What are houses called in Morocco?

What are houses called in Morocco?

The riad is one of two main types of traditional Moroccan houses, often with two or more stories around an interior symmetrical garden centered around a fountain. Riads were the stately city homes of the wealthiest citizens such as merchants and courtiers who were able to build mansions which included interior gardens.

What is the courtyard of a riad called?

A riad normally has two or more storeys around an Andalusian-style courtyard that contained a fountain. They usually do not have outside-facing windows. Riads were the city homes of the wealthiest citizens such as merchants and courtiers. The name riad comes from the Arabic word ‘ryad’, meaning a garden.

What are riads in Morocco?

Simply put, a riad is a traditional Moroccan house. The term comes from the Arab word ‘ryad’ (meaning ‘garden’) but is applied to townhouses built around an inner courtyard or garden. True riads will have lush plants in four planting beds and a central fountain, but many variations exist.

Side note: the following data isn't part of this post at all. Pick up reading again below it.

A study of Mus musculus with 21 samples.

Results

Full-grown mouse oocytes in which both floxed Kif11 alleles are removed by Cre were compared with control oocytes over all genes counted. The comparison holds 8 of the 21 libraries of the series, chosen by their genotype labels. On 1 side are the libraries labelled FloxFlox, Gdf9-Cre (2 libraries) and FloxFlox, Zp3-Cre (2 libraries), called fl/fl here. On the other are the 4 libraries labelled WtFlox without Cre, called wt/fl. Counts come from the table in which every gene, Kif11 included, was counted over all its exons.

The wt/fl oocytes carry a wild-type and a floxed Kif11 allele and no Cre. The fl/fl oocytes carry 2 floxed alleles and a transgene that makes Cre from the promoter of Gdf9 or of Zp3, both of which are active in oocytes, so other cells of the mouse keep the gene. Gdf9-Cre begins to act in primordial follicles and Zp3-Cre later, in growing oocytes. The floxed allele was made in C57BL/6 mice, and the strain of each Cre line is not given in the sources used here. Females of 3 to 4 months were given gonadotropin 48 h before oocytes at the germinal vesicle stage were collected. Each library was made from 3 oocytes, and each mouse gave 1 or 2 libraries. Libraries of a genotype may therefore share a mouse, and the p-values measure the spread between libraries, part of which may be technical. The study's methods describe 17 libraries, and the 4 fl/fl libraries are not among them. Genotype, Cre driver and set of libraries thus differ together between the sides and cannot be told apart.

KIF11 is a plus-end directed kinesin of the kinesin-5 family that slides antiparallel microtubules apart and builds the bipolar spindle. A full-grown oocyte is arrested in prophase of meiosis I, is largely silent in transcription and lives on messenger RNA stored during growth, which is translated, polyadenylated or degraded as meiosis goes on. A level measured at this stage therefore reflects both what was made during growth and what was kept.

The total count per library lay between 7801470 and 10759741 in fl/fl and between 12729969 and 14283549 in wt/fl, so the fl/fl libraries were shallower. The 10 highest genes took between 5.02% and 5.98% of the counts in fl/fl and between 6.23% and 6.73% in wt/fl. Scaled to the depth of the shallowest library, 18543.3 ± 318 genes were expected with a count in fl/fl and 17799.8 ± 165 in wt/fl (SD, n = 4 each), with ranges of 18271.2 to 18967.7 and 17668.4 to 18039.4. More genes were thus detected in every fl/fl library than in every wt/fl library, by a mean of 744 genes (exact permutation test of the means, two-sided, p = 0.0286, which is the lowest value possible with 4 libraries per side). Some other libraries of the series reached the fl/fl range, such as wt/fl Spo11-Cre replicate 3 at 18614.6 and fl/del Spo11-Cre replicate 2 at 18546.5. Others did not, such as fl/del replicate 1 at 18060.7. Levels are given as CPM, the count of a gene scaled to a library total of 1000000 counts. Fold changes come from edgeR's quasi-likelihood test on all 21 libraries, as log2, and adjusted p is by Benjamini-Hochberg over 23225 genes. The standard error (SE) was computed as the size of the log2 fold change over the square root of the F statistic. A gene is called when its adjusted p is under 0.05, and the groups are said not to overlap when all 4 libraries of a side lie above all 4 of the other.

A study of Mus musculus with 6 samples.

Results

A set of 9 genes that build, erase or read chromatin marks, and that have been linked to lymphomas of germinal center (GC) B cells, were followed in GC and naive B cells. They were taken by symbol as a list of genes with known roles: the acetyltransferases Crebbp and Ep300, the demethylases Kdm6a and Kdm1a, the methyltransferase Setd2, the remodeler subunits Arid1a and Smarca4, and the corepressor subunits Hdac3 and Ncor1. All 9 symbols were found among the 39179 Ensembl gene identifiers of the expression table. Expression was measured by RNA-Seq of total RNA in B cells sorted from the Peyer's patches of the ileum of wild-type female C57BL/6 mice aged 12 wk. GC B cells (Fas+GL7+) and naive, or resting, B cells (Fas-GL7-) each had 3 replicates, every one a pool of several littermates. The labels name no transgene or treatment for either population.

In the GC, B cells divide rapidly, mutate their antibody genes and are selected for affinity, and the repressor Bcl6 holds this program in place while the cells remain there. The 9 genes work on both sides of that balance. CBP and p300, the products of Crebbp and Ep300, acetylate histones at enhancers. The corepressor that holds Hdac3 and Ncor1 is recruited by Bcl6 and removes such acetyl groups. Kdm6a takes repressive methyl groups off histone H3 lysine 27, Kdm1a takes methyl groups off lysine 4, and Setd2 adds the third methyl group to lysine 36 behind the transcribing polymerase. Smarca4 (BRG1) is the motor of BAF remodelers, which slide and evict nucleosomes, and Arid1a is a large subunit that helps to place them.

Are riads only in Morocco?

Riads are only found in the medinas (old walled centres) of a Moroccan city.

What is Moroccan style architecture?

Moroccan architecture refers to the architecture characteristic of Morocco throughout its history and up to modern times. The country’s diverse geography and long history, marked by successive waves of settlers through both migration and military conquest, are all reflected in its architecture.

What is a Moroccan garden called?

This type of garden is called a riad.

What are Moroccan houses made of?

Brick and stone In addition to rammed earth, brick and (especially in desert regions) mudbrick were also common types of materials for the construction of houses, civic architecture, and mosques. Many medieval minarets, for example, are made in brick, in many cases covered with other materials for decoration.

What is Moorish garden?

garden design in the western world. Begun in the time of the Egyptians, refined by the Persians, and adopted by the Islamic world, these gardens came to represent a vision of Paradise, a walled and private space protected from the outside and filled with shade, color, abundance, and the sound of water.